Want a job promotion? Try these tips.

Are you trying to get promoted but are unsure of what to do? Promotions can certainly appear to be elusive, frustrating and unattainable, but it just might be that you haven’t been told the expectations from your manager. Each manager is different, of course, and employers have requirements for years of experience and the availability of funding, but don’t be afraid to ask your manager for his or her expectations. It’s better to ask than try to read their minds on this or expect that they will just naturally see your talent. Be proactive and let them know you’re interested.

Here are some examples of the expectations I have regarding promotions in my work place. Even if your manager has different expectations, following these tips will strengthen your presence at your current job or in future ones.

  1. Increase your dedication. You’ve heard the phrase, “Going the extra mile,” I’m sure on numerous occasions, but when it comes to being promoted, dedication definitely helps. This can include staying late when needed, meeting deadlines, being punctual, exceeding goals, offering assistance, and taking proactive measures to prevent issues. All of these are important, but to help even more, try to find an area of your job where you can be an expert — find a niche. If your employer depends on your specialty, it makes you more valuable, and once you gain enough experience, you could end up being the lead and mentor for your coworkers.
  2. Keep a positive attitude even during times of change.  Employees with good leadership skills remain positive even through the hardest of times. They also support management decisions and encourage cooperation from other employees. If an employe doesn’t, why would a manager want him or her leading the other employees? Think about it. This doesn’t mean that the employee is not able to speak up when he or she feels a process could be performed more effectively. It just means that when an issue is addressed with management, the employee brings a solution to the table. For example, the employee may not agree with how a change in process is being proposed, but he or she is willing to put the time and effort into figuring out what will work better. If your manager is like me, he or she will want to hear about those ideas.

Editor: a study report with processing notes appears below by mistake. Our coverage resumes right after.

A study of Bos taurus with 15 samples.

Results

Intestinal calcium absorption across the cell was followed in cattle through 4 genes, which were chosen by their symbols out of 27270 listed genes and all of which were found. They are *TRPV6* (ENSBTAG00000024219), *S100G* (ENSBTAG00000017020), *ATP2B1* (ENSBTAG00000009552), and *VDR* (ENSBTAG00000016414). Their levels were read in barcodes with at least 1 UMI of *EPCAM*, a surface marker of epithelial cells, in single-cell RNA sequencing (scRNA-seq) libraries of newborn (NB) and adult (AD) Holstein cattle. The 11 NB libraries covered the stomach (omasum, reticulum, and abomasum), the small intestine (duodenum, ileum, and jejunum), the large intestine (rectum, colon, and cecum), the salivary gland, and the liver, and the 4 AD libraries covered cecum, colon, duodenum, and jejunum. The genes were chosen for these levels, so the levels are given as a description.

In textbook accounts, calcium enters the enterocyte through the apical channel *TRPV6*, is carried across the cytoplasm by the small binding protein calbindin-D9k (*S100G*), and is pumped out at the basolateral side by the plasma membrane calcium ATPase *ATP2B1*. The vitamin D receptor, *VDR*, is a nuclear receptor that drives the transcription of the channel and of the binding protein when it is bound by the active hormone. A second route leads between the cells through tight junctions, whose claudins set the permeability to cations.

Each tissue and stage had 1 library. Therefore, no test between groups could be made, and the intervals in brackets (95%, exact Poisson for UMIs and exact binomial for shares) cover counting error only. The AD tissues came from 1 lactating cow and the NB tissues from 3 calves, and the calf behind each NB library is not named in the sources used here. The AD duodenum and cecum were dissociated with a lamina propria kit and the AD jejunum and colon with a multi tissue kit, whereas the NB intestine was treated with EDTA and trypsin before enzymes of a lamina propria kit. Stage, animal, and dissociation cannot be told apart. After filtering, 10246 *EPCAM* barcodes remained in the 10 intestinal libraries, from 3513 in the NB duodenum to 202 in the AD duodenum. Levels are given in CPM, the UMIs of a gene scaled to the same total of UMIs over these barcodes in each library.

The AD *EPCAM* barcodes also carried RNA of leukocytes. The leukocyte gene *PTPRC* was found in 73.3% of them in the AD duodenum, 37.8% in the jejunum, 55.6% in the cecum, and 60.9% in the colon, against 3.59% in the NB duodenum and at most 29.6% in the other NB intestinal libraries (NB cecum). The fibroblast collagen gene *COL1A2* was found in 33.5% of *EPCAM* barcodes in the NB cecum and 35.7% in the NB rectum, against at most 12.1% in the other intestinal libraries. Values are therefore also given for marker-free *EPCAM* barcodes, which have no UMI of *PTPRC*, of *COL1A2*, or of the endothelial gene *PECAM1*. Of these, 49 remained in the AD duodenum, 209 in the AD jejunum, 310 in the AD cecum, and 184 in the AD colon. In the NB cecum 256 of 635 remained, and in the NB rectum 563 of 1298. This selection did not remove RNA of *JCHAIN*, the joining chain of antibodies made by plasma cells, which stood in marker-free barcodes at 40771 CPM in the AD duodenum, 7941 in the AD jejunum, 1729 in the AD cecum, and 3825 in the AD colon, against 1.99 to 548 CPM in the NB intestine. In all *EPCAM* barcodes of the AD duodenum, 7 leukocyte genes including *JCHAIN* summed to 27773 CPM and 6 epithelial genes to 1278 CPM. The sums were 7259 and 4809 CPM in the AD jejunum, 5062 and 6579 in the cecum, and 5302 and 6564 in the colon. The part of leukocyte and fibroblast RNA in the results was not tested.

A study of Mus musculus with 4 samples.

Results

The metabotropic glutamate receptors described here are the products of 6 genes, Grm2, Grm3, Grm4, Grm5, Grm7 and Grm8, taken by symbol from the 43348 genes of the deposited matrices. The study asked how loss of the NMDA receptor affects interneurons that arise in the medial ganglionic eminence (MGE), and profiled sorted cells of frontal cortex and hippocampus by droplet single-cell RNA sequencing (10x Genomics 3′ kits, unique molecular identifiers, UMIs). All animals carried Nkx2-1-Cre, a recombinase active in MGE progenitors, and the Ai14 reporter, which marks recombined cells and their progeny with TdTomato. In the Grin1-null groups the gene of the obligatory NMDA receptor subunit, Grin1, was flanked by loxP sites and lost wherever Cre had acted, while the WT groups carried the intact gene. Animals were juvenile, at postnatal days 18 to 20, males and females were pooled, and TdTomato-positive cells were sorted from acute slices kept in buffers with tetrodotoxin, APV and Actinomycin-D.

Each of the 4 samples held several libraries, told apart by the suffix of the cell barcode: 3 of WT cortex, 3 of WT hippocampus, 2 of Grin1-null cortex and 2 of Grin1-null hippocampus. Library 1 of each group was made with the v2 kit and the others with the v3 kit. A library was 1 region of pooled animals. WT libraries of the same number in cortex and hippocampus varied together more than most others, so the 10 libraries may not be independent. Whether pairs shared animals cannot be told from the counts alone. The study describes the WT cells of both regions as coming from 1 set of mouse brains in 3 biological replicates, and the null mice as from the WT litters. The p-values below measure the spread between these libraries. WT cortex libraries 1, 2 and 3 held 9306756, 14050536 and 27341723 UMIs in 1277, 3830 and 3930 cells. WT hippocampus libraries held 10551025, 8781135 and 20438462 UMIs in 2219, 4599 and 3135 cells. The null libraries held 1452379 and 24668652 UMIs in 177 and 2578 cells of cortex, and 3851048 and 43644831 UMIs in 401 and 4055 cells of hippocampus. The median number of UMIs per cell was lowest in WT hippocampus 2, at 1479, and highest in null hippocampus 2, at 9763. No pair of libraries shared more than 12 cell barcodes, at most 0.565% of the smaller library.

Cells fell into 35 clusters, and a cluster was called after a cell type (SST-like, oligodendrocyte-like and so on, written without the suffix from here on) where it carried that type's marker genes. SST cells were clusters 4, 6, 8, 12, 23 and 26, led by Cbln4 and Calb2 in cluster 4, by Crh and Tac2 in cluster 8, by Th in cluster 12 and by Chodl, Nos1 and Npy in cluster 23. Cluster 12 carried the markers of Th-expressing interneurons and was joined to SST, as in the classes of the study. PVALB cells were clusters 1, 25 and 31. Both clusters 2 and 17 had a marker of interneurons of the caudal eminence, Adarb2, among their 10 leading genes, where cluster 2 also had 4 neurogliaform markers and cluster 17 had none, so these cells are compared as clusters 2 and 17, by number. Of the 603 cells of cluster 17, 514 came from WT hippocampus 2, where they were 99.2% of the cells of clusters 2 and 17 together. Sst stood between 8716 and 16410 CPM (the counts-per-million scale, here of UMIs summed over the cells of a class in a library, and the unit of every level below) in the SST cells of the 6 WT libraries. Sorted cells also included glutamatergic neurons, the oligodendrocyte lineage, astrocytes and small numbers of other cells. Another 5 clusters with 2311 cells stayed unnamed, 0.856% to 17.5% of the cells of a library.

3. Build strong relationships with peers and management. Yes, it is about who you know and what you know, but it is also about your reputation and relationships. Many times when I’m assessing an employee for a promotion, I’ll talk to his or her peers and try to get a sense of their support for the employee. Some of the questions I ask the peers are: Is the employee the “go to” person? Is he or she a mentor to entry-level staff? Is the employee trustworthy? Can he or she be depended upon as a leader? All of these types of questions play into my decision. It is also important to have a relationship with upper management. After all, the more upper management staff know about the employee, the more they will support the promotion. If you can, try to give your management team a presentation or have a discussion with them on why they should promote you and how you see yourself in the new role. This way, you can show management what’s important to you and advise them of your accomplishments. It’s better coming from you.
  4. Have a vision for the future. I like thinkers — individuals who are constantly contemplating strategies to increase efficiency and improve processes. Ones who are self-motivated and can’t wait to dive in at staff meetings. Ones who get excited about the future and what it will look like. Vision is a mix between planning and imagination. Bring your manager along on your vision.

As you probably already noticed, the common theme with all of them is strong leadership skills. The manager’s job is to identify employees with leadership potential and provide them the tools and training to enhance this skill, but it will be up to the employee to take the initiative. So, go talk with your boss and give these tips a try!